This week's Goddess is Gwenhwyfar (and yes, I spelled it incorrectly on the card; I shall have to fix that!) the Welsh forerunner of Queen Guinevere, and like her the Queen to Arthur's King; given that I have depicted Her here as the May Queen I am not particularly surprised I picked Her just a few days after Beltaine (though I really did think I was going to pick Her last week. Instead we got Blodeuwedd, another Welsh Goddess associated with flowers).
I have called Gwenhwyfar a Goddess, here, though in the legends She is considered a mortal Queen; but there is evidence of Divinity in Her past, though, it is, as these matters tend to be, a bit on the hazy side.
She most likely has Her origins in a Goddess of Sovereignty, of the right to rule; and I suppose on its most basic level that makes Her a variety of Earth Goddess. In the later legends Guinevere is always being abducted by some upstart or other, the idea behind it being that if said upstart is wed to the Queen (even if by force), then he must be King. Her body, then, is literally being equated with the land.
Further evidence of Gwenhwyfar's Divine past is found in the so-called Welsh Triads, which are a form of verse grouping traditional wisdom in threes, which number is an especial favorite in the Celtic cultures. In the Llyfr Coch Hergest (the "Red Book of Hergest," which is also incidentally one of the principle sources for The Mabinogion), dating to the late 14th century, there is this triad:
Three Great Queens of Arthur:
Gwenhwyfar daughter of Cywryd Gwent, and Gwenhwyfar daughter of Gwythyr son of Greidiawl, and Gwenhwyfar daughter of Gogfran the Giant.
Celtic Goddesses were commonly depicted in triple form; one example of this is the Deae Matronae (Latin for "Mother Goddesses"), Who were worshiped in the Celtic lands during Roman times. They were typically shown on sculpture as three seated Goddesses holding symbols of fertility and abundance such as fruit or bread. (Note, also, that one of the Gwenhwyfars is the daughter of a Giant, an Otherworldly or fantastic being.)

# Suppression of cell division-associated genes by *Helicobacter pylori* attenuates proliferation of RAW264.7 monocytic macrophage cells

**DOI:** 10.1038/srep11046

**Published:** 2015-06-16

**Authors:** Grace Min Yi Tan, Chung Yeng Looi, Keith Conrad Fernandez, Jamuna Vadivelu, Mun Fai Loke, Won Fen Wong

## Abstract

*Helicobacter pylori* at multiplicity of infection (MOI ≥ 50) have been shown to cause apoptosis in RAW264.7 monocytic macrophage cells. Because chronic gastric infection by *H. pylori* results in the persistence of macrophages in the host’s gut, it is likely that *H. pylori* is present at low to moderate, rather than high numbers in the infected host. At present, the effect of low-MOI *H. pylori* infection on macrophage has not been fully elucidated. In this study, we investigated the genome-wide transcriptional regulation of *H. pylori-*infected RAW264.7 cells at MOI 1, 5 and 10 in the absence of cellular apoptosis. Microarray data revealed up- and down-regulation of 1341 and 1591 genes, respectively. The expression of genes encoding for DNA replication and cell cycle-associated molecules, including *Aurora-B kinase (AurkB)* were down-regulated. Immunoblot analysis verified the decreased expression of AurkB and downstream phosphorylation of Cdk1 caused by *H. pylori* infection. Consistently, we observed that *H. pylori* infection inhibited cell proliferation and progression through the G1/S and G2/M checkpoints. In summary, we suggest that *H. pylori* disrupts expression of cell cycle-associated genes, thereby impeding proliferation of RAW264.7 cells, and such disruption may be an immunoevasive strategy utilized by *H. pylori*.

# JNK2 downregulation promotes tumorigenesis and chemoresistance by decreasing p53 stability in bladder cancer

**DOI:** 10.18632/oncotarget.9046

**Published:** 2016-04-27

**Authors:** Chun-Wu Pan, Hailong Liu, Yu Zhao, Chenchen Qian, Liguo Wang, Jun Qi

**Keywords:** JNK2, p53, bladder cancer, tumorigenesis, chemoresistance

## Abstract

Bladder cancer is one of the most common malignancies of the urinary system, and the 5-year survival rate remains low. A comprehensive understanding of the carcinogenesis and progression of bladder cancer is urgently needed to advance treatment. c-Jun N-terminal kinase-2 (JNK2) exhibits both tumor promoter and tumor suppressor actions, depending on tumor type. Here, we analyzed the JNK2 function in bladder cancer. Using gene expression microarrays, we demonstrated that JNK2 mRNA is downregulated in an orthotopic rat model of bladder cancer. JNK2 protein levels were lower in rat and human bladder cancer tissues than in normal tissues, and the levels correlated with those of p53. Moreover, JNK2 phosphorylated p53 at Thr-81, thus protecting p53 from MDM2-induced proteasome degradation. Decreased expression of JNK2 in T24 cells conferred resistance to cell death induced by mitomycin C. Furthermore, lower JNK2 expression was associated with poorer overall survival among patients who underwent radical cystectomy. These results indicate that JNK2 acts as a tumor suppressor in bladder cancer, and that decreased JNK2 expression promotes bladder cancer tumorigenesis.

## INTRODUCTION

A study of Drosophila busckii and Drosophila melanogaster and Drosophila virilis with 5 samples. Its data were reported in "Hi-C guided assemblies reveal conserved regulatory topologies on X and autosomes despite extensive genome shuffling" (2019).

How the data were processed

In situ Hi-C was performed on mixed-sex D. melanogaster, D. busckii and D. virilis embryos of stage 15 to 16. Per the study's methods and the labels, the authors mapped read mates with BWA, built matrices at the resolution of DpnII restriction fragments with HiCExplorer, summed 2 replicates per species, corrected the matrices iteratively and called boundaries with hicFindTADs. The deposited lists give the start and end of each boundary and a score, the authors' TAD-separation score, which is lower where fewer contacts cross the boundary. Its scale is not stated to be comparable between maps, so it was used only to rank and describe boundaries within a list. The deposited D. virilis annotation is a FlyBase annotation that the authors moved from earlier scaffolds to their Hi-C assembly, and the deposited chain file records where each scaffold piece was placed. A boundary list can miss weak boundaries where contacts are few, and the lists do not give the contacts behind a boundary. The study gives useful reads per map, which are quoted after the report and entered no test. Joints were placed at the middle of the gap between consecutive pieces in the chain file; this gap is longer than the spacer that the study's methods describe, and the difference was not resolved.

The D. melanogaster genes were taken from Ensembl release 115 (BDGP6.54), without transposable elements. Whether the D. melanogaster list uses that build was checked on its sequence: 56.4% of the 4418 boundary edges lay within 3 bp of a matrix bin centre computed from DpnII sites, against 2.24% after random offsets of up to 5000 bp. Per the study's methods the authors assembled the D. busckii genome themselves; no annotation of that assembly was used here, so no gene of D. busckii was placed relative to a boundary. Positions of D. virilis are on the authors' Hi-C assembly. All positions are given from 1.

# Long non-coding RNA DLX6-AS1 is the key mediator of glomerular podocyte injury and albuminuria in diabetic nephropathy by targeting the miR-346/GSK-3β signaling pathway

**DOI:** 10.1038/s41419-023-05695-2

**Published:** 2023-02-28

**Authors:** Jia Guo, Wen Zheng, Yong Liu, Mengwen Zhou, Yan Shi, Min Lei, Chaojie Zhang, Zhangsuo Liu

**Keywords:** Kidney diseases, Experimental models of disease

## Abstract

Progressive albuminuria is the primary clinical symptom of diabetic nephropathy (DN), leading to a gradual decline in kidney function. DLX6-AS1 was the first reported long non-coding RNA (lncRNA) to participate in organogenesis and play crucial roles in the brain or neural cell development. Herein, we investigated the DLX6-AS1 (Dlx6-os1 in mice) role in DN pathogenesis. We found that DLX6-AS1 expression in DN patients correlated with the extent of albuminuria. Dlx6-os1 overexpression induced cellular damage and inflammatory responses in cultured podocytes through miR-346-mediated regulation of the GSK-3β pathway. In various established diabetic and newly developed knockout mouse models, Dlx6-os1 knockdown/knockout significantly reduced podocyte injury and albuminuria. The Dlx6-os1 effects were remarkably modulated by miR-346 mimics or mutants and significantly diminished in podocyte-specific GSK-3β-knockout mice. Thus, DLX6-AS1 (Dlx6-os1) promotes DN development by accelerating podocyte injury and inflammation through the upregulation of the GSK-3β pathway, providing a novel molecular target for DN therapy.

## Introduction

So what, then, is this card saying for this week? It is the week of Beltaine, certainly, up here in the North, anyway; and it is a liminal time, when, like Samhain, the veil between the worlds is thin; though I tend to think that this time of the year it's the faeries poking through a bit rather than the ghosts. All the land is blossoming and mating and making merry; and though Guinevere's liaison with Lancelot is depicted in the (Christian) legends as shameful and bringing the downfall of Camelot it has always struck me as, well, right, as the true relationship. Not human marriage but the joining of Goddess and God. I've always felt that Arthur was the one in the wrong; theirs was an arranged marriage for political ends, and had little to do with love.
I guess the question is, then, how are you wedded to Divinity? How do you love God? And make no mistake, not platonically, but as a lover. This is the season of passion, after all.
What does She have to say?
May, that is key, I am gone a-maying. Lancelot and I are the Beltaine lovers, the true love. Arthur is the political, the patriarchal, laid over the old legend. How am I to love that? It is not the true story. Lancelot is the fosterling of a Faery Queen, is he not? And what is Arthur? Merely human.
But I am old; it is right in my name, White Ghost. I am ancestress, the old spirit of the land, the White Queen; and I span both past and future. How many Jennifers do you know, after all? It is my time now, this time of may. May the month, may the hawthorn.
My depiction of Her as May Queen owes a lot to the paintings Queen Guinevere's Maying, by John Collier, as well as Millais's The Bridesmaid.